2016 San Francisco Fleet Week

As a young boy, I was always fascinated with the idea of space and flight.  I would imagine soaring though the air and pretending that I was a pilot of a really cool space ship.  Circling around the stars and flying by each planet as I named them off one by one.  One day, my parents took me to Moffet Field in Mountain View, CA.  Back then...in the, ahem, 80s, Moffet Field was home to numerous air shows.  One of the participants of the air show was the Blue Angels.  We never went there with any photographic gear.  We went to experience the show.  You can only imagine what that was like for a little boy who has already dreamt of flying.  When the Blue Angels soared overhead in all of those tightly-grouped formation, it was like poetry...except this poetry used jet engines.  I was in awe.  I recalled looking up into the blue sky and squinting ever so faintly so that I could see the planes.  My dad looks down and says, "Here...put on my sunglasses."  He takes them off and as I fumble around with them on my small head, I was able to see them...flying low, then flying high.  Making loops, going up...down....just seemingly everywhere.  I was very excited.  


My childhood years disappeared in what seemingly felt like a blink of an eye and now I find myself with children of my own.  I have heard about the San Francisco Fleet Week for a very long time but I never gathered the family around it.  Oddly enough, I never thought about it...until one day, I let my son borrow my sunglasses and it triggered that memory of when my dad shared his sunglasses with me.  That was when I decided to make an annual outing.  The 2016 San Francisco Fleet Week is our third family get together and it is going strong.  We decided to pick a spot on the beach...Crissy Field Beach to be exact.  Since the crowds generally get really ridiculous, we make an all day gathering out there.  

We would set up our tents, sunshade, lawn chairs, and our trusty cooler.  The cooler would have sandwiches, juice, soda and chips.  Everything we could ever need to enjoy ourselves out there without leaving the site (yes...even a small bucket with kitty litter).  Many laugh at my kitty litter bucket idea...but when you have tons of photographic gear with you, the last thing that you would want is to leave all that gear alone when you have to tend to nature's calling.  If the fear of using public restrooms scare you, I would assume this is a better idea!  Once the 'living' gear is set up, its time for the photographic gear!!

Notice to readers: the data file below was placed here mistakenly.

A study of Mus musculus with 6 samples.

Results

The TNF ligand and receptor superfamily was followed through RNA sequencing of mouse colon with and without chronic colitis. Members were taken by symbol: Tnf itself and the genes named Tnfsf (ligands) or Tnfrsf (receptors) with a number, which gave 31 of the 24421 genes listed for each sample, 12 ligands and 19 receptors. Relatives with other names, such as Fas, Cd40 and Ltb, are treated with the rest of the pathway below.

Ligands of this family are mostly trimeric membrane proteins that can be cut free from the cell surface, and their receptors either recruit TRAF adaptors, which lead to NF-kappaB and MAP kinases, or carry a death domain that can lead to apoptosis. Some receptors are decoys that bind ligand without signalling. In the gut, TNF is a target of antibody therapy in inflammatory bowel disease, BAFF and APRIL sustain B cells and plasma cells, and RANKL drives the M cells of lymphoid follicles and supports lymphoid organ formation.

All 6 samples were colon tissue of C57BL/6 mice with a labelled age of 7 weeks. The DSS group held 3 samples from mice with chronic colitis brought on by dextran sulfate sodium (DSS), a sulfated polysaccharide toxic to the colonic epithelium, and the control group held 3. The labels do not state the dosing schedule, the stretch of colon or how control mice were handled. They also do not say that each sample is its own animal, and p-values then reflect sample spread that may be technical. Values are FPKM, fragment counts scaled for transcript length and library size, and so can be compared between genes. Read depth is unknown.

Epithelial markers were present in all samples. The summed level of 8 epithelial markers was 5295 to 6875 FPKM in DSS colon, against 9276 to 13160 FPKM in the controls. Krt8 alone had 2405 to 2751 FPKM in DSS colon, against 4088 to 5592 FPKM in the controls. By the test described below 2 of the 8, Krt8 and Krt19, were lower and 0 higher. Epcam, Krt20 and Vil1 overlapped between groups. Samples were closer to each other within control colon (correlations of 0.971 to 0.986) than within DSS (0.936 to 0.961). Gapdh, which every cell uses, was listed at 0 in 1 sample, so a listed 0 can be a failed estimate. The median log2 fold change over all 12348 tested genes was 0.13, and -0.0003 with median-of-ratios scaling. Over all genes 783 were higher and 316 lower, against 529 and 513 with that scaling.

Usually, there will be other photographers out there that will also make that effort to take photos next to you.  It's just one of those things....anytime a tripod is set up and a large lens is plopped on there, suddenly, everyone wants to talk shop with you.  I usually don't mind but I also like to focus on the task at hand...get it?  Focus?!  

The photo on the right is actually a Manfrotto video tripod.  Many years ago, I shot video but has since abandoned the craft.  But I don't feel like I should buy another photography tripod.  Sure, they're lighter but having a video tripod out in the sand for a heavy duty camera use?  It's a win-win situation if you ask me!  But the setup there is the Canon 1DX with a 400mm f2.8L lens.  During "some" of the planes, I will usually add on a converter.


I also have a third camera body setup...basically it sports a 17-40 f/4L lens.  Why this lens?  For two reasons...the first reason would be planes that leaves massive smoke trails where I would want to get to be able to see the trails in the photos and the second reason, the real reason, is to capture the reactions of my kids watching the planes.  

Once everything is setup, I sit...and I wait.  

That moment when you hear the sounds of jet engines coming from a distance that is when you let the shutter fly as fast as they do.


Soo.....with all of the excitement about jets and places, you're probably wondering what ever happened to my kids who were supposed to be in mix of all of this.  Well....the kids basically would play in the dry sand, then wander off into the beachfront to play with the wet sand, come back for some food and drinks, then do it all over again.  Their excitement for the planes isn't as high as my excitement but they do acknowledge their existence...mainly with comments like, "It's too loud, Daddy," or "I don't like how they fly so low, Daddy."   

I'm hoping that one day when they're older and they have their own families, they can look back and remember these moments and say things to each other like, "Remember when Dad went to the air show with all of his cameras and took pictures of the planes?"  

...as they are standing together in the middle of their air show with their own families.